Inverted Yield Curve and What It May Mean to the Indices

Last week, traders got spooked by the yield curve inversion of the most closely watched 2 year vs 10 year bonds. Yield curve inversion between 2 year and 10 year bond is a powerful predictor of recession. The 2-10 yield curve inversion preceded the past seven recessions from 1969. This means that the interest rates of the 10 year Treasury bonds bonds fall below the 2 year Treasury note. In a normal market, short term debt should be safer than the longer dated one as short term debt will be paid quickly. Short term debt in normal situation therefore should provide lower interest rate to the holders than the longer term debt.

In a yield curve inversion, the short term debt offers a higher interest rate. This potentially reflects a lack of confidence in the country’s near-term economic health. That’s what happened last week as the yield from 2 year US treasuries note became higher than the yield from 10 year bonds. The bond market thus flashed a warning signal even though US equity market is still relatively supported.

Inverted Yield Curve between 2 year US Treasury note and US 10 year bond

An inverted yield curve doesn’t necessarily mean the stock market will turn bad immediately. It can take 2-3 years for a recession to hit after the 2 year and 10 year curve inverts. What this means though is that equity markets may be nearing its important peak. In the last recession, the yield curve inverted on December 27, 2005, which was 2 years before the Lehman’s collapse sent the economy into recession. Other parts of the curve have already inverted. Last December, the yield on 5 year Treasury note fell below the yield on 3 year note. Then in March, the yield on the 3 month Treasury Bill fell bellow the yield on 10 year note. Concerns over global slowdown and uncertainties in US China trade war have weighed heavily on longer term US Treasury yields.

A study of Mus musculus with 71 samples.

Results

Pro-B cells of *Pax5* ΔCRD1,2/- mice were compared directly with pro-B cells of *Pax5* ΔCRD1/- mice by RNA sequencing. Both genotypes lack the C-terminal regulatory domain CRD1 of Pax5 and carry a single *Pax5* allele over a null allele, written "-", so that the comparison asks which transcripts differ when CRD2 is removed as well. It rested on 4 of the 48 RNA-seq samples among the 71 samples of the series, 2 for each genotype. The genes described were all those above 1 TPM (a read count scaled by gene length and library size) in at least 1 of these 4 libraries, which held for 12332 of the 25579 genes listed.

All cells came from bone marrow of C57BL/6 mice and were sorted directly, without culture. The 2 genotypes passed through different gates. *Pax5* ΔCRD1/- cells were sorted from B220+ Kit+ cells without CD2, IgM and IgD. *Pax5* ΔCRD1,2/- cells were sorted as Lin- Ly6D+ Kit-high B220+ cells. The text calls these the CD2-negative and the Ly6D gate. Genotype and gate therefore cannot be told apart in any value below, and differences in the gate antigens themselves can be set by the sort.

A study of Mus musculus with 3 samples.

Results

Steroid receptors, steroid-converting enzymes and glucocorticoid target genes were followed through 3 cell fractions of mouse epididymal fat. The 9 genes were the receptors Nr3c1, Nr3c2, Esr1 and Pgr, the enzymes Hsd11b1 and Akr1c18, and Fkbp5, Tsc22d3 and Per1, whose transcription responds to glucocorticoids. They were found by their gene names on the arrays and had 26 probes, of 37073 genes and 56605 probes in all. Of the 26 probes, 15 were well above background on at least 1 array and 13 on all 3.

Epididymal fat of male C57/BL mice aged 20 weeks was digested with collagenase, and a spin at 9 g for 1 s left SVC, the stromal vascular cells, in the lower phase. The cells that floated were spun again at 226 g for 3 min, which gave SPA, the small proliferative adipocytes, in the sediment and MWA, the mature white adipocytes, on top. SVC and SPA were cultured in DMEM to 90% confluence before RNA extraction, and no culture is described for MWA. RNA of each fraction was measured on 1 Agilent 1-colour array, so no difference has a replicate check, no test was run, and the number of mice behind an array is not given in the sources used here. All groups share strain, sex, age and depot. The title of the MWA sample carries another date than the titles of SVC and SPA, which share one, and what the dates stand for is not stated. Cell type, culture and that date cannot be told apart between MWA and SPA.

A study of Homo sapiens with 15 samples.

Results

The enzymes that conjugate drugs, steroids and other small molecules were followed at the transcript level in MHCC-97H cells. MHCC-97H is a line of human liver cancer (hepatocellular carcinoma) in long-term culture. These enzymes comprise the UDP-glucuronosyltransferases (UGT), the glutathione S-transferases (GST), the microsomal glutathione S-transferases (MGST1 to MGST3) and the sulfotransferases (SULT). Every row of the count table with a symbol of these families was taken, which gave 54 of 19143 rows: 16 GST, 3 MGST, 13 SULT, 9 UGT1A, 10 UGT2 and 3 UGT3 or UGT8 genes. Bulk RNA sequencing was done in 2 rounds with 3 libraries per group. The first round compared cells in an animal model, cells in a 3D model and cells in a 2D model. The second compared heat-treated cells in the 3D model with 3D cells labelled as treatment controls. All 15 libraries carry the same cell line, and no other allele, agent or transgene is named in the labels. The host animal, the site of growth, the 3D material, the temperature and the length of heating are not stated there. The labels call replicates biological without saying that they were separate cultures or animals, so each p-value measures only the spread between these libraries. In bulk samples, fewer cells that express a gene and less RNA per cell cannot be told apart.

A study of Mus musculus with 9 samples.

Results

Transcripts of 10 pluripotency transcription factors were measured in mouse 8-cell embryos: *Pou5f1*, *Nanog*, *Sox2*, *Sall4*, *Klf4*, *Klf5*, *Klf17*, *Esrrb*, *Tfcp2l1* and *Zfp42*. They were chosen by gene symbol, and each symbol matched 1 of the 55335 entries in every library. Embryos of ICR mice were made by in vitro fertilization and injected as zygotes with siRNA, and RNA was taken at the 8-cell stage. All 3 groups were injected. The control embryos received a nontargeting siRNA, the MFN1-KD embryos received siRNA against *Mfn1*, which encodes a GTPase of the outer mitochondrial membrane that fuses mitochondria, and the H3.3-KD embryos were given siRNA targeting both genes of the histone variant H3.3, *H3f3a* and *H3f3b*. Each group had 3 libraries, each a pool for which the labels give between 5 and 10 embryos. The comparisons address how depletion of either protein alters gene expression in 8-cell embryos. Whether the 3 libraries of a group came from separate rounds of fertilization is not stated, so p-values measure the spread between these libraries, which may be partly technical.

S&P 500 Long Term Elliott Wave View

S&P 500 long term view above suggests that the entire rally from all-time low is in 3 waves. We can either label this move as (I)-(II)-(III) or alternatively as (a)-(b)-(c). Wave (I) / (a) ended  in year 2000. The subsequent correction took the form of an expanded Flat and bottomed in 2009. Since then, we are in a 10 year bull run and the Index is now more or less reaching the 161.8% Fibonacci extension. If history is any indication, the stock market may still do last-gasp rally in wave (V) after the initial recession warning. However, at minimum, we at believe cycle from 2009 is mature and lives on borrowed time. So expect at minimum a sizable pullback in wave (IV) in the next 6 months – 1 year.

The market will then decide if we only end cycle from 2009 in which case the Index then can do 1 more leg higher in wave (V). Alternatively, the entire rally from all-time low completed as (a)-(b)-(c) and we will then be in the biggest correction.

S&P 500 Shows Signs of Weakness

The chart above shows that the Index attempts to break the ascending trend line from 2018. If the selloff gains acceleration, then the next strong support is around 2125 – 2470. This area has the Fibonacci support of 23.6 – 38.2 retracement. It also has the support of 200 Weekly Moving Average (the red line) as well as the ascending trend line from 2009 low.

Please keep in mind that the Index does not need to immediately break down to this level, and at this point it can still rally and make further upside. However, the chart above is one possible scenario in a wave (IV) type of pullback. From 2125 – 2470 area, the Index has a chance to do a final rally in wave (V). Alternatively, Index can do a big 3 waves bounce before turning lower again.